Comic Review: Captain America the First Avenger film tie-in

MCU logo

Probably for the first time in my life, I am a regular comic reader at the moment. I had long found comics too hard to get into, a niche subculture that I was interested in but that I struggled to find an entry point into. But after discovering a quality local shop nearby and getting into a bunch of ongoing series I am pretty hooked.

But this lack of real history with the form, means that I have no idea if film tie-ins are viewed with the same level of disparagement as they are with film tie-in novels (and a vast majority of tie-in games too). In any case, I grabbed the two issue limited series Captain America: The First Avenger the other day to check out. I am not entirely sure when the series came out, but it does seem a little strange that the series would be released more or less in association the second Captain America film. In any case, it is nice to dip back into the period world of the first Cap film. The two issues feature posters for the film as their covers. The connection to the film is made even plainer by the character design. Wisely, the character designs suggest the actors that play them in the film, without looking distractingly similar. Overall the art is assured, but relatively standard. It is a little old fashioned in a way, which helps to set the period atmosphere, capturing the hyper patriotism of the time and by extension the character of Captain America.

Apologies for the crappy phone photo -  I couldn't find any pics of the book online.

Apologies for the crappy phone photo – I couldn’t find any pics of the book online.

The major issue with this limited series is simply a structural one. There is far too much story to fit into just two issues. And when it is trying hard to do so, that is when the work splutters a fair bit. The plot needs space to breathe, but here there is not even enough space to cram the entire plot in, let alone add breathing space and other flourishes around the fringes. The writing is very wordy to try and get the film’s entire plot across. However, even with all the words, large swathes of development have to be canned because it is being adapted into such a short format. So characters come along with absolutely no introduction and events jump from one to another with large gaps in between. In reality, if you have not seen the film, the comics will be pretty hard to follow as there is just so much left out and not even really hinted at. The deficiencies in the storytelling are not just troublesome from a narrative point of view. It also means that the strength of the early parts of the comic – the war time atmosphere – is significantly diluted too, because none of it really makes it through to the story driven sequences. So much is being crammed in that only the action can be conveyed, nothing deeper.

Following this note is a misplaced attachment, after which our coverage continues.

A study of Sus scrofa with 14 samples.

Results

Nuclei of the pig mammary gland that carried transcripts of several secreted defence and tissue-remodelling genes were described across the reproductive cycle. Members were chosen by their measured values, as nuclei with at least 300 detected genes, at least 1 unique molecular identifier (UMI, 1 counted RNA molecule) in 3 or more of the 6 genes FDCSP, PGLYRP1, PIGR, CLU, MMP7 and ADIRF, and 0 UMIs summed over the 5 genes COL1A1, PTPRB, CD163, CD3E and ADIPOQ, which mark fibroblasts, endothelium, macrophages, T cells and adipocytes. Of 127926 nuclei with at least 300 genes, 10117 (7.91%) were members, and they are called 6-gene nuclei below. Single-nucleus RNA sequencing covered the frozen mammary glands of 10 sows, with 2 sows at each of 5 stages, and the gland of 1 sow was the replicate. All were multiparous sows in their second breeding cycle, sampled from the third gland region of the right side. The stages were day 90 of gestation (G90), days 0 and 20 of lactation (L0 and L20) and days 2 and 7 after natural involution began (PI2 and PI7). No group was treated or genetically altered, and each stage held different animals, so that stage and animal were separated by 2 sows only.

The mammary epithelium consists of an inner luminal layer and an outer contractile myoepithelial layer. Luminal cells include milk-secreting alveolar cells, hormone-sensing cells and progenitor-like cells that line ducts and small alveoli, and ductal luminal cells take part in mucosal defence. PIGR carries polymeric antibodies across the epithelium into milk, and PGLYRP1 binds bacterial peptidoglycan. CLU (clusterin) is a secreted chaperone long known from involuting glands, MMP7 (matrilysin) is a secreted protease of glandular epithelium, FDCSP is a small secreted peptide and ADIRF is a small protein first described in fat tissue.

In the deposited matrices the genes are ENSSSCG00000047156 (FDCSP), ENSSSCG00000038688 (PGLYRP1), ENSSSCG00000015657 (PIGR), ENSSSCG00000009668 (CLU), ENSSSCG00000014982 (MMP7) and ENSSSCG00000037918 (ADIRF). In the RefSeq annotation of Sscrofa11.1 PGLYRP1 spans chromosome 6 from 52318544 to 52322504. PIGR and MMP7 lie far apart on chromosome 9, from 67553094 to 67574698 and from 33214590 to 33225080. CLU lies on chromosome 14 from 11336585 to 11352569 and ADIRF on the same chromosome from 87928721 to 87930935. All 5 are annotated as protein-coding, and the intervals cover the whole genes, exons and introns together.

There is plenty of really good stuff in this tie-in. But quite simply, the series needed to be three or four times longer so there was not a need to skip over such huge amounts of story. By doing that, a vast majority of the series’ issues could have been alleviated and this trip back to WWII would have been a lot more satisfying.

Verdict: Schooner of Carlton Draught

Related beermovie.net articles for you to check out: Comic-Con Episode IV: A Fan’s Hope and Captain America: The Winter Soldier.


  1. Welcome aboard the nerd train! I haven’t read these issues, because I don’t care about the Marvel Cinematic Universe in book form, but they are a great way to pull in people like yourself, fans of the movies/genre unsure where to start.

    (Definitely go to your local Barnes & Noble and soft steal it (read in the store and put it back on the shelf). Libraries are starting to include graphic novels and trades in their catalogs, too, so you might find some good (FREE) stuff to check out there.)

    Funny thing about your “complaints,” the average comic book geek (like myself) complains about the OPPOSITE. Writers today (predominantly in the Big Two, Marvel and DC) craft their stories so the tale is told not in a single issue or two, but in six or more. They call it “writing for the trades,” meaning the trade paperbacks, collected volumes that are released down the road. The problem, obviously, is no single issue is ever truly a satisfying read, and with prices jumping to $3.99, it can cost up to $24 to read a single story. A lot of times, the middle issues in one of these 6-issue arcs are complete filler trash, and can be summarized in a single page, sometimes even one damn panel.

    That said, I’d recommend jumping the Guardians of the Galaxy bandwagon. Its written by Brian Michael Bendis, who is probably the father, grandfather, godfather, king, emperor and grand wizard of the bullshit decompression movement, so I’ve just completely contradicted myself right there. But anyway, the series is only 15 issues old or so, so it won’t be hard to track down back issues, or to pick up the trades, two of which are available now.

    1. Cheers for the comment man. It is interesting, coming to things from a ‘literature’ background as I sort of do (as in study, I’m not secretly some maestro novelist), tis weird that the shorter form is so lamented. In literature, it is all about the novel and the short story is really a second class citizen.

      Thanks for the tip re Guardians of the Galaxy. Might have to see if I can track down the start of Bendis’ run.